Many homeowner associations in the mid-Atlantic region have poor quality turf. There are many reasons for this. High clay content, low organic material, back filling at construction time with construction debris, rocky soil, sandy soil, compaction, poor drainage are the biggest contributing factors.

Community Landscape Services takes a common-sense approach to improving the chances of making your turf look its best.

Step 1:

Community Landscape Services begins with taking soil samples to determine the pH of the soil and different nutrient analysis which are helpful for the fertilization and liming management. Some tests report organic matter along with other pertinent information.

If the pH is not in the correct range, fertilization is a waste of time and money as the acidic environment affects the absorption of the nutrients in the soil.

Step 2:

Translating the soil sample results and applying them to your site.

Once the right pH and chemical balances are understood, we look at compaction, soil composition, sun and shade exposure.

Step 3:

In most cases we will recommend, rototilling designated areas to a depth of 4-6” to loosen soil and removing unwanted debris, grading the area with York and hand rakes, applying 10-12 pounds of seed selected for each designated area, and adding ¼ - ½” compost to the disturbed and seeded area.

This process allows for substantial root development, drainage and airflow.

Once the seed has germinated, proper care and maintenance ensues.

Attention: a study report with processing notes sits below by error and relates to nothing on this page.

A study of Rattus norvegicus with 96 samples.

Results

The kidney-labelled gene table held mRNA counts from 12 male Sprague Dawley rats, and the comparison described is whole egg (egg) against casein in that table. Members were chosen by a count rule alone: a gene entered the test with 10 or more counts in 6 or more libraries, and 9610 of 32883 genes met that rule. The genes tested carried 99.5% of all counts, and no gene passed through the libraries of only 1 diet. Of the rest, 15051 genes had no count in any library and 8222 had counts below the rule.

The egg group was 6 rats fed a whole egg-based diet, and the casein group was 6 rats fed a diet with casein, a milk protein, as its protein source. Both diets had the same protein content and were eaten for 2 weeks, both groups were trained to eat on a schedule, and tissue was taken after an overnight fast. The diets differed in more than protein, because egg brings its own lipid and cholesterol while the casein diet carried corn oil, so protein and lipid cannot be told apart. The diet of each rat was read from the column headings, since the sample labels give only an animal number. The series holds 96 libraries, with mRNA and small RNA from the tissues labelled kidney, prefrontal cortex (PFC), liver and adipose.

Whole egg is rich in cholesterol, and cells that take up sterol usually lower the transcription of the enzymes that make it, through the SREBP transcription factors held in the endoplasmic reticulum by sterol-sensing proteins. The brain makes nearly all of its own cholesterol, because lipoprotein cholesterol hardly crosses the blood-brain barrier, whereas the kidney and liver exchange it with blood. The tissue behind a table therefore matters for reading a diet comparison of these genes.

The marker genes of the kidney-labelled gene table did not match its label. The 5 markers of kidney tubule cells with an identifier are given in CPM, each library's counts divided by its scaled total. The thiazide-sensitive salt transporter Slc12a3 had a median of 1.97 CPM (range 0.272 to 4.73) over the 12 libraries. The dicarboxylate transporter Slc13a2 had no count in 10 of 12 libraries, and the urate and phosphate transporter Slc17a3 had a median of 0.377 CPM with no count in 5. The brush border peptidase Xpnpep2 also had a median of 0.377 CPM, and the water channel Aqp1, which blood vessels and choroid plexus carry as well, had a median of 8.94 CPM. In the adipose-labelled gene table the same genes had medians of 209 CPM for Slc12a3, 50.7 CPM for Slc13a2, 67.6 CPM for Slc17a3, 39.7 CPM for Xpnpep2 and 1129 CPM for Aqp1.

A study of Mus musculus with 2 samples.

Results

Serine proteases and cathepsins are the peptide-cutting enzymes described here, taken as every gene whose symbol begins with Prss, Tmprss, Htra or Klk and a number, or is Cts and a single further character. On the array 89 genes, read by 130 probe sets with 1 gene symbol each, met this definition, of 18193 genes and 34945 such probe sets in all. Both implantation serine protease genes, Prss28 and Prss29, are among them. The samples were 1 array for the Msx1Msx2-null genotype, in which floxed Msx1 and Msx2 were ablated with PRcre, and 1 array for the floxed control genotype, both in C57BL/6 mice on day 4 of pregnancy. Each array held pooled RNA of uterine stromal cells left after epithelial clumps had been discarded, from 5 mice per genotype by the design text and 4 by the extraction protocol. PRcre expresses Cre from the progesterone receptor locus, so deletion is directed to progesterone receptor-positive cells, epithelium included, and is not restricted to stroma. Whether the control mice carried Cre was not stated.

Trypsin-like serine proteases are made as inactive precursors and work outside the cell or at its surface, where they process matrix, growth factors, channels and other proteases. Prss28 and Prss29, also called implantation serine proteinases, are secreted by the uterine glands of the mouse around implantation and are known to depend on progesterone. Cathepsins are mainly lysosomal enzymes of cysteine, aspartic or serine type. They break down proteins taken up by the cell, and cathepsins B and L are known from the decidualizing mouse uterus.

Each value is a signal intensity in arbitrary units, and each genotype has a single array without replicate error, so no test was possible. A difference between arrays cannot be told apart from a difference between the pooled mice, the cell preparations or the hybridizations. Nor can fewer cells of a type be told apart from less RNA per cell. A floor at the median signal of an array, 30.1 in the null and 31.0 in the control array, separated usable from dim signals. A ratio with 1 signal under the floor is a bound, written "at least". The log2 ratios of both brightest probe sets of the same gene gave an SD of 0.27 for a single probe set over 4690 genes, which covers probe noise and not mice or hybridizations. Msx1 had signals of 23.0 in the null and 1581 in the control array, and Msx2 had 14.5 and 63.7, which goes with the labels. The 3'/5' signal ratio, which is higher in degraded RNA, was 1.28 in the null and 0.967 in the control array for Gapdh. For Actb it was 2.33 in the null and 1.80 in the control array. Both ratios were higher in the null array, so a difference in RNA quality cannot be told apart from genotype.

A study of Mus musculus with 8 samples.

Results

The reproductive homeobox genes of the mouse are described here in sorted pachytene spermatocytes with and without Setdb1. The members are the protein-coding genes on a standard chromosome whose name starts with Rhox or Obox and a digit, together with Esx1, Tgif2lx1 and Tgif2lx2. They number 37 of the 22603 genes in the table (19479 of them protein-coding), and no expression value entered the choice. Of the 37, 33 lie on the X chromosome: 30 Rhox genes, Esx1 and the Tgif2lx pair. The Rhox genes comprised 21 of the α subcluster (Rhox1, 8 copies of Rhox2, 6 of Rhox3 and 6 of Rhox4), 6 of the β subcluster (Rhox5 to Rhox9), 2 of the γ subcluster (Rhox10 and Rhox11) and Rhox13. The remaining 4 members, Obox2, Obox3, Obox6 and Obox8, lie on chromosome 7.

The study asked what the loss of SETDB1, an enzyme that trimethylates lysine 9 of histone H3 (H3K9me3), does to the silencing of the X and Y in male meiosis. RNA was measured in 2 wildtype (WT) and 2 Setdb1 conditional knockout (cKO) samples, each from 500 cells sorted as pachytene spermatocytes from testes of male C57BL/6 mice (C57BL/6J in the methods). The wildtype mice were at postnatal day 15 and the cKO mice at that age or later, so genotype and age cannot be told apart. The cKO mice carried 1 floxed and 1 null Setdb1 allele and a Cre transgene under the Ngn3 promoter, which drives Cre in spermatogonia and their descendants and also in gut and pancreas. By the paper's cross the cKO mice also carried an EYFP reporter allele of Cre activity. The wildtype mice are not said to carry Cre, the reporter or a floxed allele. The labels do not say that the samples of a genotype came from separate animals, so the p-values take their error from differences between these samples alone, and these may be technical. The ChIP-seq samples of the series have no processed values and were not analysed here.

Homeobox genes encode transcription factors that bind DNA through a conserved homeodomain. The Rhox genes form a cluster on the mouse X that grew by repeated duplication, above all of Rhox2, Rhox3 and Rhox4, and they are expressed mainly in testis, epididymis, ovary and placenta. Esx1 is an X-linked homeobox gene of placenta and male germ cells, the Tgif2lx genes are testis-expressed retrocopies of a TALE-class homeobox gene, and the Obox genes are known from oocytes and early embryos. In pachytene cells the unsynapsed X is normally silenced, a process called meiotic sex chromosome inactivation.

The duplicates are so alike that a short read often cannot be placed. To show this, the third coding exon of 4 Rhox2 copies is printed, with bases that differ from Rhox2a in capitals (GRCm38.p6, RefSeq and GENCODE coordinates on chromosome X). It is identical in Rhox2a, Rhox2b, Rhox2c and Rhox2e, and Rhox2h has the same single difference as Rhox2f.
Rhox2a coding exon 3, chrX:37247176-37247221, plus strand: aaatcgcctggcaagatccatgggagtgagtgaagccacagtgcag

The association will end up with a heathy stand of turf. Additional watering is always helpful but difficult. Healthy turf responds by going dormant in hot, dry conditions and bounces back with moisture and cooler temperatures.

The mowing process is also critical. We often see far too many communities cutting their grass too frequently and too short. This is detrimental to the overall health of your turf. Turfgrass leaf above ground closely corresponds with the roots below ground. Mowing at 3.5-4” allows the turf to shade out some weed seed and not become overly stressed. It is better to not stress the lawn by mowing too often or too short in wet and dry conditions.

This process works! There is very little return on investment with aeration and seeding, which is common in many specifications. Poorly irrigated soil conditions are not conducive to pulling cores in August and September, and 4-6 pounds of seed per 1000 square feet is inadequate.

Rutting, tracking and scalping are not good for turf. They expose bare soil areas that may become receptive to weed seeds, and erosion is also an issue.

In summary, the Professionals at Community Landscape Services will work with you to achieve your goals. This takes more work and effort than most specifications call for, but it is the most successful way to establish a lush, healthy turf for the community.